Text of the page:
Tuesday, 10 April 2018

Spring is hardly springing along

The Safari had a very pleasant surprise on Sunday. After a wet and miserable Saturday when we planned to go to have a look at a new car but decided not too because of the weather we had a browse on-line and found a similar one much closer to Base Camp, the original one wasn't viewable on Sunday so we nipped out for a look at the nearer one in dry bight warm and sunny conditions - a proper spring day. Long gone are our days of the fuel thirsty but fun and capable Land Rovers now we're looking at hybrid hatchbacks, they're not the same but needs must!!!
Anyway the salesman was showing us what was on offer on his forecourt when we heard a commotion of gulls above our heads - we had to ask him to hold his patter for a few minutes while we picked out a passing Osprey (138) the gulls had alerted us too. It was low overhead as it circled slowly northeastwards trying to avoid the attention of the mobbing gulls. Yer man was impressed with our find! We weren't able to have a test drive as Monty was in our motor and was a getting on for a bit too warm for leaving dogs in cars so we had to break away from the sales pitch and hit the beach.
The beach was busy and Monty had great fun trying to steal other dogs' balls - he's a nightmare every other dog's ball is better than his own - he has a classic case of the grass always being greener on the other side of the fence! 
With so many people and their mutts about wildlife was non-existent until we spotted a Swallow (139) jinking towards us at about double head-height, judging by the extreme length of his tail streamers we'd hazard a guess that he was a male.
Monday was another proper spring day - tee-shirt sleeves even! We took Monty fro a morning wander round Patch 1 for the first time in ages. As we approached we could see the rough field through the still leafless hedge and it was a sodden quagmire - we daren't let him anywhere near that, we'd have to keep him in the park proper and hope he didn't do a U-ey and make bee-line for the mud.
The first thing to catch our eye in the scrubby wild area was the enormous patch of Cow Parsley growing under the trees - great to see and it be full of interesting invertebrates to get to grips with when it starts to flower.
The second thing we noticed was the grass in the 'butterfly area' has been hammered down by the weather over the winter, much more than in previous winters so that might help the wildflowers put on a better show this season which should help the butterflies and other insects. The only downer was that someone has been camping or sleeping rough and left a very bare muddy patch which could 'weed' up and there's lots of litter around, need to take a carrier bag next time we're out that way. 
The main part of the park was saddening, lots of mature trees and not so mature trees have been felled and a large portion of the previously dense shrubbery has been reduced to a few sticks poking out of a sea of woodchippings. It was noticeable that there was no bird song or calls from the likes of undergrowth-lovers like Robins, Wrens and Dunnocks. The only birds we saw were Blackbirds, Woodpigeons, Blue and Great Tits. Despite the warm and still conditions we saw no bees or butterflies at all. The Moorhens that nested in previous years have gone, the low cover around the top pond they preferred having been removed.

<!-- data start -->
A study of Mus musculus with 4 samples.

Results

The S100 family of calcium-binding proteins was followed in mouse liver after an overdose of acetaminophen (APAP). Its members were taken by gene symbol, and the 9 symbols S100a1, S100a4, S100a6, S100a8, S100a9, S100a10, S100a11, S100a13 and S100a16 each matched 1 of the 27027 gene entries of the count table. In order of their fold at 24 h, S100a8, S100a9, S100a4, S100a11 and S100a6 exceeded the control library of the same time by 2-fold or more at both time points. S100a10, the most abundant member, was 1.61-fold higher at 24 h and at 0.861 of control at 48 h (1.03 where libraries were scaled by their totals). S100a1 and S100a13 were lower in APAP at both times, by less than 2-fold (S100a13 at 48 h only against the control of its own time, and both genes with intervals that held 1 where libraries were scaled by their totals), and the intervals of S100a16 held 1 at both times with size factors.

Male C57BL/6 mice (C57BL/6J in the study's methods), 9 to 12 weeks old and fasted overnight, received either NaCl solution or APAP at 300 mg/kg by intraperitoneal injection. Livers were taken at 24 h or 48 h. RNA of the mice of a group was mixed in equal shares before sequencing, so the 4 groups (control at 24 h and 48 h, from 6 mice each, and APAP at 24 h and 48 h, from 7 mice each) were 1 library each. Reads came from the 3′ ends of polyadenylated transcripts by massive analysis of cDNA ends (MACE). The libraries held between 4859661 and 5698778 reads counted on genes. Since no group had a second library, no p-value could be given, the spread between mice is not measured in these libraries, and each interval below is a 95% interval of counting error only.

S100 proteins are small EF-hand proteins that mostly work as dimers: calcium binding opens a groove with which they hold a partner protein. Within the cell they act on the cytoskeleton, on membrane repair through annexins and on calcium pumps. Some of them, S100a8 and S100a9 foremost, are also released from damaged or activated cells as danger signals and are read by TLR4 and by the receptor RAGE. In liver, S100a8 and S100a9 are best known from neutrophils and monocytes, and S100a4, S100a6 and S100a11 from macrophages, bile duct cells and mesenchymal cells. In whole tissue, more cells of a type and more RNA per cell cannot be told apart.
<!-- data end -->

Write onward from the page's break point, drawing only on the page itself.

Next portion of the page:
Fortunately no Elms seem to have been felled so the White Letter Hairstreaks should be safe...for now. 
There are a number of newish looking bird boxes up although some are very close together. We watched a Blue Tit investigating one and took up position behind a nearby tree and aimed the camera. Unfortunately it didn't come back to this box but went to another in the cluster a little further away.
Don't these  things normally have a hole?
Nope, not on this side
OK - found it now
While it was investigating the interior we took the opportunity to sneak a few trees closer for a better view.
Not bad, quite cosy
But we'll go and have a look at another one - just in case...
Another lap of the park had us looking up when we heard the usual gull commotion, not the hoped for Osprey or Red Kite but a pair of Sparrowhawks displaying way, way up in the ether this time.
On the little field on the way back to Base camp we stopped to get a pic (wrong lens really) of the Meadow Foxtail grass we'd seen on Monty's early morning walk. No sign of any Sweet Vernal Grass coming in to flower yet, which is the next one in the succession but there were a few Daisies and Dandelions out in flower - no doubt the mowing men will appear imminently to do these in, can't allow pollinator attracting wildflowers ruining our sterile green desert can we!!!
Back at Base camp we did a day of household chores and a bit of gardening while keeping an ear out for the gulls. They did go potty a  couple of times and on only one of those did we find the culprit or culprits as it was - a pair of circling Buzzards heading towards CR's airspace.
Today we're sat here tip-tapping away at the keyboard while outside the rain batters down - back to a typical 2018 spring day then, cold wet n windy!

Where to next? Family business on the Southside tomorrow but there may be the opportunity to have a quick look at some wildlife somewhere and we have a little plan...if we have time.  

In the meantime let us know who's peering through the holes in your outback.